At issue is a senior citizen retirement facility. One can discern two different scenarios with respect to the use of a mark and brand in connection with carrying on such a business. The first is use on a single, stand-alone facility, with a mark and brand unique to that facility. In this situation, the strength of the brand is tied to the success (or failure) of that facility at its specific location. (See a previous post by this Kat, which speculated about the branding issues of a single-site business in the context of the use of a highly descriptive mark.) The second is a chain, in which the properties are either all owned and operated by a single entity, is run as a franchise operation, or is organized in some combination of the two. Here, the mark and brand must deal with the challenge of maintaining quality control across multiple facilities. Succeed, and the business can enjoy the fruits of scale plus the prospect of continuing expansion.
All of this is straight-forward enough in principle. But here, the retirement facility in question has been operated at the same location for decades under a mark that has become well-recognized as identifying the facility located at that site. Indeed, a broad swathe of the broader population connects the name with that specific facility. This facility was recently acquired by a real estate developer that, inter alia, owns a chain of retirement facilities throughout the country. The question then becomes—how does the acquirer brand the facility?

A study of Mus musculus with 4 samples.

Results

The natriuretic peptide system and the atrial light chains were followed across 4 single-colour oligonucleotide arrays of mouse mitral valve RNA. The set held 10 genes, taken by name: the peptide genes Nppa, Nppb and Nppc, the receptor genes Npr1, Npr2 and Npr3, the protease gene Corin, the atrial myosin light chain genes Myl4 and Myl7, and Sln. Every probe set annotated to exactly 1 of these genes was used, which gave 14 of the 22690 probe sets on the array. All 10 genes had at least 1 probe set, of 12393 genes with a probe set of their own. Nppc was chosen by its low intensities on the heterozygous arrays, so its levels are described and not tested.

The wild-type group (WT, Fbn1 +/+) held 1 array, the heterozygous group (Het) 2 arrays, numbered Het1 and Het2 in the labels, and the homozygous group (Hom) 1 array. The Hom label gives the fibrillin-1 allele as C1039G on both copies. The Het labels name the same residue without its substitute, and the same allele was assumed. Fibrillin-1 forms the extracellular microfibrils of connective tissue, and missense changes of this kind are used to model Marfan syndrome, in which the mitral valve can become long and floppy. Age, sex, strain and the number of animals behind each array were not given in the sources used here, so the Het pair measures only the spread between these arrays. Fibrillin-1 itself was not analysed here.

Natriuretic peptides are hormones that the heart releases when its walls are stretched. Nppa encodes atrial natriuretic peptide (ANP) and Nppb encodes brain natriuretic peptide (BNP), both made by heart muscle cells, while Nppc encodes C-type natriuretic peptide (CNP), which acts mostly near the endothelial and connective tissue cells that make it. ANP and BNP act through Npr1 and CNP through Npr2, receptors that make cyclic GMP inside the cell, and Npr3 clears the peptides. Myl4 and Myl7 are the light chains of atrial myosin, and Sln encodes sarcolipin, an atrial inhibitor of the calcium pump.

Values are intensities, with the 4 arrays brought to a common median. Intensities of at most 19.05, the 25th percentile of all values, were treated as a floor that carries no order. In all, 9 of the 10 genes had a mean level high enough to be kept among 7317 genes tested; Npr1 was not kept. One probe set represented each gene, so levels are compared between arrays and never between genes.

If we seek to analogize to the hotel business, hotels are sold from one owner/chain to another. Usually, the new owner quickly replaces the mark and brand with its own mark and brand; why remind patrons about your competitor? That may be well and good when the acquirer and acquired are both hotel chains. But what about the situation where, as here, a real estate developer acquires a single site facility? The solution adopted by the real estate developer was to keep the signage with the previous name of the facility prominently displayed at the top of the building. Not only that, but both in print, as well in radio ads broadcast over the entire country, the real estate developer continues to mention the previous name of the facility along with the new name.
At first glance, this seems a bit odd; why refer to two different names for the same business? The answer seems to be—used in tandem, these two marks enable the new owner to build its goodwill and reputation in the new mark by emphasizing, at least for a period of time, the goodwill and reputation enjoyed by the business at its long-term location under its previous name. The triad of commercial identity is: mark-business-location.
As a closing curiosity, another store near-by to this Kat (this Kat’s neighborhood is a virtual cornucopia of instructive trademark curiosities), this time a boutique for home furnishings, changed its name but continued to prominently display for nearly 10 years the following notice-- “Previously known as ‘Home Store’”. Here, as well, there is branding value in continuing to inform those who pass by that “what was, will continue to be”, at this location.